On Permanence, and Other Silly Notions.
March 27, 2011 § Leave a comment
Humans are a curious species. Imagine if ants had a little insect counterpart to David Attenborough that narrated our interactions in articulate reverence. If they did watch us, observing our behaviours with no native context, can you imagine how they might interpret something like graffiti?
On a broader plane, graffiti is, not always, but often, an artless testament to the human ego and an attempt at being unforgettable, eternal. Some of the above words, chiselled into the cliffside of the Cow and Calf boulders of the Yorkshire Dales, had been etched and dated over a hundred years ago. And how much more British can you get than carefully engraving ‘Marshall Bramley’ in a classic sans-serif font?
Wikipedia claims he is actually Lewis Marshall (pictured below), of the Bramley rugby team circa 1922. Was it Lewis, a fan, or a scholar, decades later, who took the time to scratch out his mark? Well, jokes on me. He held out long enough to make it to the internet, so has more or less made it into eternity. You win this round, Marshall.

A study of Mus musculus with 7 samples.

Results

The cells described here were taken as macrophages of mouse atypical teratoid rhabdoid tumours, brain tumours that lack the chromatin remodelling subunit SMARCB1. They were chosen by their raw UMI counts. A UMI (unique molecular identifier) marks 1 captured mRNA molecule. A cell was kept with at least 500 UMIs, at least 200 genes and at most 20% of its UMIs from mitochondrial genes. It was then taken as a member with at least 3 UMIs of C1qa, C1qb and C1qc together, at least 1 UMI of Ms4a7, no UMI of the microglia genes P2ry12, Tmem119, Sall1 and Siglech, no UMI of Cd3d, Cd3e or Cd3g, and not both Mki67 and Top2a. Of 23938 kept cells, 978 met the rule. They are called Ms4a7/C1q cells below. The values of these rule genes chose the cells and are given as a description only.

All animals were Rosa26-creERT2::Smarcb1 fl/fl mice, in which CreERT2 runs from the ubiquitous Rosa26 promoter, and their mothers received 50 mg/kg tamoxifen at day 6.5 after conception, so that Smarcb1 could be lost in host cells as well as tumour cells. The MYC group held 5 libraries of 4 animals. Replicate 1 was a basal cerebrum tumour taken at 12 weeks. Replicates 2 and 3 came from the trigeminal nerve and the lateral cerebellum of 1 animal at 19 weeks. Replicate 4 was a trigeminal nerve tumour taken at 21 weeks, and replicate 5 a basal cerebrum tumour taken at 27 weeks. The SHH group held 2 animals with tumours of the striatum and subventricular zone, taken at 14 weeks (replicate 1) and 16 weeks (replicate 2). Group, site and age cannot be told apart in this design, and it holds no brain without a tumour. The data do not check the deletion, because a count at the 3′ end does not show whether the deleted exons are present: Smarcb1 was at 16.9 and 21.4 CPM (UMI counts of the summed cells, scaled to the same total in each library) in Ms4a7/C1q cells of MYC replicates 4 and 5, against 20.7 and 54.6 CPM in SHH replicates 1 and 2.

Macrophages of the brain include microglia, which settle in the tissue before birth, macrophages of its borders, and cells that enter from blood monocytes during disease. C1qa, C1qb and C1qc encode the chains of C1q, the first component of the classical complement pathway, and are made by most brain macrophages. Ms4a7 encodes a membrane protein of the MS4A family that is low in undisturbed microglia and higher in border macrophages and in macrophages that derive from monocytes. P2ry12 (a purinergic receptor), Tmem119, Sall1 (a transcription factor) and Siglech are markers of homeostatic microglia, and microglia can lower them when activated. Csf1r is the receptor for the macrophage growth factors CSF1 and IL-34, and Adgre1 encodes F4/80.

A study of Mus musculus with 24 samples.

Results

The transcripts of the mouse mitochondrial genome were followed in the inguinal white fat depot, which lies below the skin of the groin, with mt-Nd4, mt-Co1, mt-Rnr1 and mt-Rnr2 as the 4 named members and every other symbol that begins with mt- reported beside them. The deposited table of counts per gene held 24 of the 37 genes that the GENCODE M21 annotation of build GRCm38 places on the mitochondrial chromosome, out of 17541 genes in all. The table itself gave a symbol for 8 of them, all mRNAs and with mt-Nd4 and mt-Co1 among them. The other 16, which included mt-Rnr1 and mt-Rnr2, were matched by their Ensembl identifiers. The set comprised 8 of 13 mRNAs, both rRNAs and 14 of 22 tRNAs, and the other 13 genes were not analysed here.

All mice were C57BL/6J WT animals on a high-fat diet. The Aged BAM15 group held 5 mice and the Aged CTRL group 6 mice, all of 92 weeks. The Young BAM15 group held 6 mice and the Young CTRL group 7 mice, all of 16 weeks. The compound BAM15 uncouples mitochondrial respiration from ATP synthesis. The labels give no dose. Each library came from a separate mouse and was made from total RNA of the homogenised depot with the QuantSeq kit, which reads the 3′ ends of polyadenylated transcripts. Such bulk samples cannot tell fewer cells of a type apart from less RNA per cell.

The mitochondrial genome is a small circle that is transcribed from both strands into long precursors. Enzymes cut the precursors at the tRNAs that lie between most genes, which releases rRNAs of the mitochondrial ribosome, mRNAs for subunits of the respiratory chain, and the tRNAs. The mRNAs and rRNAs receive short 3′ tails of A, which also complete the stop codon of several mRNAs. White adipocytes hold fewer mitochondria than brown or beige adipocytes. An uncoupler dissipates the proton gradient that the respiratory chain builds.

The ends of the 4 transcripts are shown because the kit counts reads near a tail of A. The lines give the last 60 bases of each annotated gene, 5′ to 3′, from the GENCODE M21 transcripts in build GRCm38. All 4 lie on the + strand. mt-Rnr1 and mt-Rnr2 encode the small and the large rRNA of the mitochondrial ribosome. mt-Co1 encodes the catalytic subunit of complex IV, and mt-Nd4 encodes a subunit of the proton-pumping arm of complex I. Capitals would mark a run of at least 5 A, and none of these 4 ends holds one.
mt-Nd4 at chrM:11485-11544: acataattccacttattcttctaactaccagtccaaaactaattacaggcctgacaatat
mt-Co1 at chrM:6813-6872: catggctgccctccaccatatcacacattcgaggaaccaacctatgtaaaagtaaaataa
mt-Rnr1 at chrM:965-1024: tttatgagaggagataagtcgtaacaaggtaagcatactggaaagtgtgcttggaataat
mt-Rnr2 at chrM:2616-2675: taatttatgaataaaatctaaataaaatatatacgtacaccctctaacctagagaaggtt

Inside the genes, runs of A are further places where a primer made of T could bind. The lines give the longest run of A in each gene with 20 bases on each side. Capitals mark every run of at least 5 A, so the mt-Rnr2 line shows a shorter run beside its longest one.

Then there is another incarnation, the reluctantly popular Banksy. The anonymous, technically skilled and politically inflammatory graffiti artist who seems to satirise everyone in existence, especially his crowds of supporters. But I mostly wonder at so many people who seem to be enamoured with the idea of permanence, or even omniscience. New York based graffiti ‘artist’ BNE has streamlined his visual plague, printing stickers rather than going to the trouble of actually tagging something, and smearing them over Tokyo, Amsterdam and Melbourne, among many others (this is just where I’ve seen them, and initially I was perplexed at why Brisbane airport would turn to such a low-brow viral marketing scheme).
Much of the time graffiti is not even particularly creative, as I noted in Amsterdam from the viewing balcony of the Westerkerk Tower. Something like the scribble of our friend Vandaal below just makes you wonder why they bothered. Anne Frank made history next door in her annexe and years later some ratbag is compelled to make their fruitless mark on it. I’m not outraged (can’t be bothered to be outraged), I’m just miffed.